GIFTED 2009 / Research at RCA Design Interactions

Would it be morally acceptable to genetically alter or influence our unborn children if we knew it would improve their quality of life?

History has shown that humans have long wished to manipulate their identities, abilities and appearances to complex psychological, social and political ends. As genetic technologies develop, their applications are likely to broaden and transcend conventional definitions of the therapeutic. As we are offered a series of more elective or cosmetic procedures, a series of complex ethical dilemmas will arise.

'...we will face tough personal decisions about what is best for our children and what risks and trade-offs we will accept for them. There will be no simple answers. Our personalities and values will shape our attitudes.' (Gregory Stock, Director of the Program on Medicine, Technology and Society UCLA)

Gifted seeks ways of shaping such a future by engaging with the generation who will be faced with such scenarios and decisions, seeking the reactions and opinions of children themselves. The project raises questions about how children might use their own fantasies and dreams to imagine an alternative genetic future, and questions whether it is adults or children who are really in control of the technology. The prototypes I have created help to materialise an imaginary future in which a child's ability is considered before birth and influenced via training and parental supervision throughout development. More specifically, I have explored the possibility of a genetic modification which enables children to absorb higher levels of oxygen, thus enhancing concentration, focus and calmness as well as improving athletic ability and improving general health.

blowfish lung trainer

instrument lung trainer

design workshop

brainstorm of ability enhancements


This work explores the possible motivations of parents who attempt to influence their child's future through genetics, and raises questions about how children themselves might use their own fantasies and dreams to imagine an alternative genetic future. A series of scenarios were explored allowing children to imagine what abilities they might like to have. The children were then encouraged to explain their ideas to their parents, in order to facilitate a discussion about the prospects and merits of a future in which such technology exists.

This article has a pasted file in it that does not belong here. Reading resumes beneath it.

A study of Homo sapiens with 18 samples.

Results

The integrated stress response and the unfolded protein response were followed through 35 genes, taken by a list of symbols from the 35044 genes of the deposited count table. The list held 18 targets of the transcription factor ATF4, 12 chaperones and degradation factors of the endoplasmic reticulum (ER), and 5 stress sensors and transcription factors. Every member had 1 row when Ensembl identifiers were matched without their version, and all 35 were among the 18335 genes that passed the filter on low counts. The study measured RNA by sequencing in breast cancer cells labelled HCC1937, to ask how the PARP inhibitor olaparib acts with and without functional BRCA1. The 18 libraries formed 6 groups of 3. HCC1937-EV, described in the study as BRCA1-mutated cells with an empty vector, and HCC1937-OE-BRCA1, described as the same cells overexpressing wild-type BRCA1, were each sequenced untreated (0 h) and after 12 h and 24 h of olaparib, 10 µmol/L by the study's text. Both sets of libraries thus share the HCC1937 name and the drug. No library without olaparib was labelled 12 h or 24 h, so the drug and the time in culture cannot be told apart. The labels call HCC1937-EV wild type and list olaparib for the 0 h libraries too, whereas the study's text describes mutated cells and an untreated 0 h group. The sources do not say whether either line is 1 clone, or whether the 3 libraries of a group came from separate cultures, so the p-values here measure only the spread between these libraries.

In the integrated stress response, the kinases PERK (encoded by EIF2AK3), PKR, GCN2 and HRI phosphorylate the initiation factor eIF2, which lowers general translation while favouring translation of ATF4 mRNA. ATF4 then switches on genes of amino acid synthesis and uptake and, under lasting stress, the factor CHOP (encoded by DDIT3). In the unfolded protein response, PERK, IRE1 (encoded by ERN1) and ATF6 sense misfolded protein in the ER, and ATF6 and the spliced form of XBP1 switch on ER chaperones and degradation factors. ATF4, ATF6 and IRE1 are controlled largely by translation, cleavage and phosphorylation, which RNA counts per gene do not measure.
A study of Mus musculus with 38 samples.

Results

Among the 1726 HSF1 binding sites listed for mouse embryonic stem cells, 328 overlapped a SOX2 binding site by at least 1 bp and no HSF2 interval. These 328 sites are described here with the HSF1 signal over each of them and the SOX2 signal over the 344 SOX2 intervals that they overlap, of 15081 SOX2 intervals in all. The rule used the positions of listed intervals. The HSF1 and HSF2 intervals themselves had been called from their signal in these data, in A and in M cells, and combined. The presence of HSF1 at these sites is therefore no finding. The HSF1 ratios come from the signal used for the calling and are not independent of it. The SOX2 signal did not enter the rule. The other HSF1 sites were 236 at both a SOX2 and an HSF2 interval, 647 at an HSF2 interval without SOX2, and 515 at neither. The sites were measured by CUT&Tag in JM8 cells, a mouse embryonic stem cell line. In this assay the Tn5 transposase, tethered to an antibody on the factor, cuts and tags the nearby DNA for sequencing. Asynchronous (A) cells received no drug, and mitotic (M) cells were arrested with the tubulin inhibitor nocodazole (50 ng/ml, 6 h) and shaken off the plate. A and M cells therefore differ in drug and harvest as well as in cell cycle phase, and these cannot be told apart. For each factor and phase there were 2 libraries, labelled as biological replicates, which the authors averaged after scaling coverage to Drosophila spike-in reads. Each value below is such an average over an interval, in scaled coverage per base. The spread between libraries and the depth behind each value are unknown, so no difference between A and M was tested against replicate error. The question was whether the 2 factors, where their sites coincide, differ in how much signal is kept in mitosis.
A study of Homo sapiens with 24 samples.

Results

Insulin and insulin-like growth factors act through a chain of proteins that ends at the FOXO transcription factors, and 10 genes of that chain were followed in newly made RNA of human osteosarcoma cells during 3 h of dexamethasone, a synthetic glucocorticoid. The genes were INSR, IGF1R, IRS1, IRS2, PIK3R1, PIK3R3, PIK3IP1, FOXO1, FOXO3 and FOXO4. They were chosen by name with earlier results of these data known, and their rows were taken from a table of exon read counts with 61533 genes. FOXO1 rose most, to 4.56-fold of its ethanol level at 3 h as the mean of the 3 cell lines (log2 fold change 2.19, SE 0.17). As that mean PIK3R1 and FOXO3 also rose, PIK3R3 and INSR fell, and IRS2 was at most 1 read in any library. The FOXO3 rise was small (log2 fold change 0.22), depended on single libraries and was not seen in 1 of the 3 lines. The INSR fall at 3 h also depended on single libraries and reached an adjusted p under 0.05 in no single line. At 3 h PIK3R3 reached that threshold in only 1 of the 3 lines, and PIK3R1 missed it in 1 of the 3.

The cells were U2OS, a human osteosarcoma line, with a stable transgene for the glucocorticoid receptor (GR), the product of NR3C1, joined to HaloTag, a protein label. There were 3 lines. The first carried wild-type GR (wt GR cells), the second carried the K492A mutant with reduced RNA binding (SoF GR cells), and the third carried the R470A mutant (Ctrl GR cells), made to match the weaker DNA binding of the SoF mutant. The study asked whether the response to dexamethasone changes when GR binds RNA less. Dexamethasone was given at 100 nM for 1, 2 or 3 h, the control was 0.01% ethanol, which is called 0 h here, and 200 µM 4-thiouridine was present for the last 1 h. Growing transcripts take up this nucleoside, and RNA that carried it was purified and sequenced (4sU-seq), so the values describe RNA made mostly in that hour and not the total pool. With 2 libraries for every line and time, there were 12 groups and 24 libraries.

With the assistance of Dr Sutherland, a surgeon and PhD researcher at Oxford University, a preliminary technical feasibility was discussed. Current research into organ donation is exploring the possibility of inducing a hypoxic state (a pathological condition in which the body as a whole, or region of the body, is deprived of adequate oxygen supply) within individual organs. This condition prevents them from deteriorating during transplant, thereby both increasing the likelihood of the transplant being successful and enabling organs to remain usable for longer.

The children were asked to imagine the implications of a modification to the H1FA gene, one of the seven oxygen sensing genes, which would enable them to survive for longer with less oxygen. In this scenario, a hypoxic state is created within the body, similar to that experienced by populations who live at high altitude in regions such as Tibet or Peru. This would enable the body to survive and continue to perform with less oxygen. In addition, the ability to withstand longer periods of time without oxygen would reduce the risk of brain damage from strokes and heart attacks.

This oxygen ability was used as the inspiration for a series of speculative products that help us to imagine what a child's life might be like with such a capacity to retain more, and to use less oxygen. Such manipulation would not only have objective health benefits, but would also be experienced subjectively by the child concerned, doubtless inspiring ambitions and fantasies centred around the body's ability to retain more oxygen.

The main benefit from the perspective of the children was the prospect of being able to swim and survive under water for longer, and being able to change their interactions with one another as a result of this new imagined world. During a brainstorm, the children imagined sea creatures they wished they could become. Subsequent dialogue about the animals' abilities led to a more in-depth study of what it might take to transfer such traits into the human domain. These ideas are explored in greater depth in Gifted Dreams.